F.K. George1, D.A. Benham2, P.L. Gabriel3, D.J. Purton1
1York St John Univeristy, School of Health Sciences, York, United Kingdom, 2University of Huddersfield, School of Human and Health Sciences, Huddersfield, United Kingdom, 3York St John Univeristy, School of Psychological and Social Sciences, York, United Kingdom

Background: Posture management programs typically utilize positioning equipment to support body alignment in order to prevent musculoskeletal deformity and promote function. Available standardized clinical assessments of body segment alignment for children with CP are limited. To be useful to clinicians and researchers, assessment measures should demonstrate adequate psychometric properties to have clinical meaning.

Purpose: To report the development, and psychometric evaluation of the Clinical Assessment of Body Alignment (CABA) as a measure of body alignment in children with cerebral palsy (CP).

Methods: Tool developed by the primary researcher and evaluated by expert opinion of 283 pediatric physiotherapists.  Participants reviewed items as matching or not to the domain of body alignment. Items with >70% agreement were included. Fleiss’ Kappa examined inter-rater reliability of expert responses. Reliability and construct validity ascertained through thirteen physiotherapists scored the CABA in 5 Children with CP GMFCS I – V from photographs. Eleven therapists rescored the same photos one month later. Intra-class correlation coefficients (ICCs) with 95% confidence intervals examined inter-rater and intra-rater reliability. One-way between subject ANOVA and Tukey HSD test examined constructed validity. Responsiveness evaluated through one physiotherapist scored the CABA in 10 children with CP GMFCS IV (n=5) and V (n=5) examined correlation with and without equipment. Paired sample t-test examined positional criteria. Independent sample t-test compared between GMFCS IV and V.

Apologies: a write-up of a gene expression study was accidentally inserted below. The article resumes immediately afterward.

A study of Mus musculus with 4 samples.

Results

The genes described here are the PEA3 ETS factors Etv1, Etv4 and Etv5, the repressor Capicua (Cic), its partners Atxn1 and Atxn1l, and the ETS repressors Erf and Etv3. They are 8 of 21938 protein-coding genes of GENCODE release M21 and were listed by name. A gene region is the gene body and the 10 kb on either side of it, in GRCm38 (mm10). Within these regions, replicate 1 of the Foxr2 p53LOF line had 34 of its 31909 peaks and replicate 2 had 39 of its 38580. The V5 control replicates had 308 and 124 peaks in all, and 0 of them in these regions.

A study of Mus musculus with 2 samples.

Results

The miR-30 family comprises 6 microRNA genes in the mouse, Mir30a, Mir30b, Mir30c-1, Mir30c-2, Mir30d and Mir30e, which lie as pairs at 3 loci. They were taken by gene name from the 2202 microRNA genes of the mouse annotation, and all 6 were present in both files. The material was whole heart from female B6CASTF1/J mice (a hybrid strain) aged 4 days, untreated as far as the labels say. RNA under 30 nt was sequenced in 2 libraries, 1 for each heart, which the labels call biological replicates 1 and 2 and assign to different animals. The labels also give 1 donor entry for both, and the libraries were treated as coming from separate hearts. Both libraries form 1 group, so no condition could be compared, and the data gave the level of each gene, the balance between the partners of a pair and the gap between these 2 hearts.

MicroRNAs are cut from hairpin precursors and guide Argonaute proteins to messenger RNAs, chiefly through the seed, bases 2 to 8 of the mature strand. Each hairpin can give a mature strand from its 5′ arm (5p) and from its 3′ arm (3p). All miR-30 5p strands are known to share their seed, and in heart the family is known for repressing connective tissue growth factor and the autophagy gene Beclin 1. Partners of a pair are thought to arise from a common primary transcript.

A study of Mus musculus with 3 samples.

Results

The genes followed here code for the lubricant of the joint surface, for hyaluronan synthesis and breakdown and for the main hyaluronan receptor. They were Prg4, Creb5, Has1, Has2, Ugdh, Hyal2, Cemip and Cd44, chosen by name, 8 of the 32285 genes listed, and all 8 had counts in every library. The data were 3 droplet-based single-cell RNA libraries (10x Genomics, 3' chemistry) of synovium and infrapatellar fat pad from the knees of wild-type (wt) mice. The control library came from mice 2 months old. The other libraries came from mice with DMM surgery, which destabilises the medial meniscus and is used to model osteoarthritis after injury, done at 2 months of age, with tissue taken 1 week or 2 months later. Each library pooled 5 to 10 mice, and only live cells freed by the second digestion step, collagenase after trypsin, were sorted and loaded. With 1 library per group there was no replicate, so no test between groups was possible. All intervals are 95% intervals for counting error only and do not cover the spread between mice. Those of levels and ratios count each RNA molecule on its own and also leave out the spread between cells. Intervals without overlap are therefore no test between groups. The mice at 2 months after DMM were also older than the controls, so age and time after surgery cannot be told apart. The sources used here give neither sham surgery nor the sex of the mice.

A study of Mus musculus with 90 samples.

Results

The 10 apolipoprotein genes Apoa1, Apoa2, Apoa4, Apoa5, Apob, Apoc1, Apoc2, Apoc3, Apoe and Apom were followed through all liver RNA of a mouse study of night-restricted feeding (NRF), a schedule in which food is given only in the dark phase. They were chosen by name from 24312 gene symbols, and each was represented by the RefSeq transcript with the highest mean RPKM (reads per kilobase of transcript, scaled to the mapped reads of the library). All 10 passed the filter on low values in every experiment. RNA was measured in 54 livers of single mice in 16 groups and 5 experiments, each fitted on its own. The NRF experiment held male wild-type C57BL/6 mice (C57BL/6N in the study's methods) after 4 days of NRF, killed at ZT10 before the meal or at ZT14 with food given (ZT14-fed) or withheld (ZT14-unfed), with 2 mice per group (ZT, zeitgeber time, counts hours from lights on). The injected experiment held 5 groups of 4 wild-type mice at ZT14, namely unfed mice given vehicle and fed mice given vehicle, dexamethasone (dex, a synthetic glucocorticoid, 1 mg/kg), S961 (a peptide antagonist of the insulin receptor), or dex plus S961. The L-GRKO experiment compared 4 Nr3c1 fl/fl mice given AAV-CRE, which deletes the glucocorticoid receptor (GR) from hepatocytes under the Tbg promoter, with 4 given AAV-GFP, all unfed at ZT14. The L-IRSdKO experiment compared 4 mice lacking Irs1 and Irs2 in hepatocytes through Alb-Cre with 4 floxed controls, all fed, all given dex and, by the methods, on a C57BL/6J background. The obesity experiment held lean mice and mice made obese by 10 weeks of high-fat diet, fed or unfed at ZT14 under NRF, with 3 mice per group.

Results: Tool development resulted in the CABA; a 20 item assessment scoring deviations in alignment 0-3 across lying, sitting and standing. Percentage agreement (>70%) was high for 19 items and good for 1 item (>40%). Clinician's ratings showed overall fair to good agreement (k=.422).  Intra-class correlation coefficients reflecting inter-rater and intra-rater reliability of the CABA were all above 0.90. Construct validity was supported by a significant difference in mean values between GMFCS Levels (F(4,350)=30.03, p< 0.001). Post-hoc tests indicated significant difference between GMFCS levels except levels I-II (p=0.663) and II-III (p=0.770). Responsiveness: Strong significant correlations (r=0.769, p=0.002) were found between score with and without equipment at GMFCS levels. Paired t-test indicated significant differences in measures with equipment between positional criteria (t(9)=20.1, p<0.001). Independent t-tests indicated significant differences in measure with equipment at GMFCS level IV (t(4)=20, p<0.001) and V (t(4)=44, p<0.001).

Conclusion(s): The CABA has been carefully and extensively developed and shown to have excellent validity, reliability and responsiveness properties. This preliminary analysis suggests it is a useful tool for measuring postural alignment in clinical and research settings. The CABA has been shown to be responsive to immediate change in body alignment when posture management equipment is used in children with CP GMFCS IV and V.

Implications: The CABA is a standardized clinical assessment demonstrating excellent validity, reliability and responsiveness to measure body alignment in children with CP.  The CABA offers clinicians and researchers a rigorously developed clinical tool to practically measure body alignment in children with CP.

Funding, acknowledgements: None

Keywords: Measurement, Posture, Cerebral palsy

Topic: Paediatrics: cerebral palsy

Did this work require ethics approval? Yes
Institution: York St John University
Committee: Faculty of Health & Life Sciences Research Ethics Committee
Ethics number: 069011429_George_04032017 and 069011429_George_22092017

All authors, affiliations and abstracts have been published as submitted.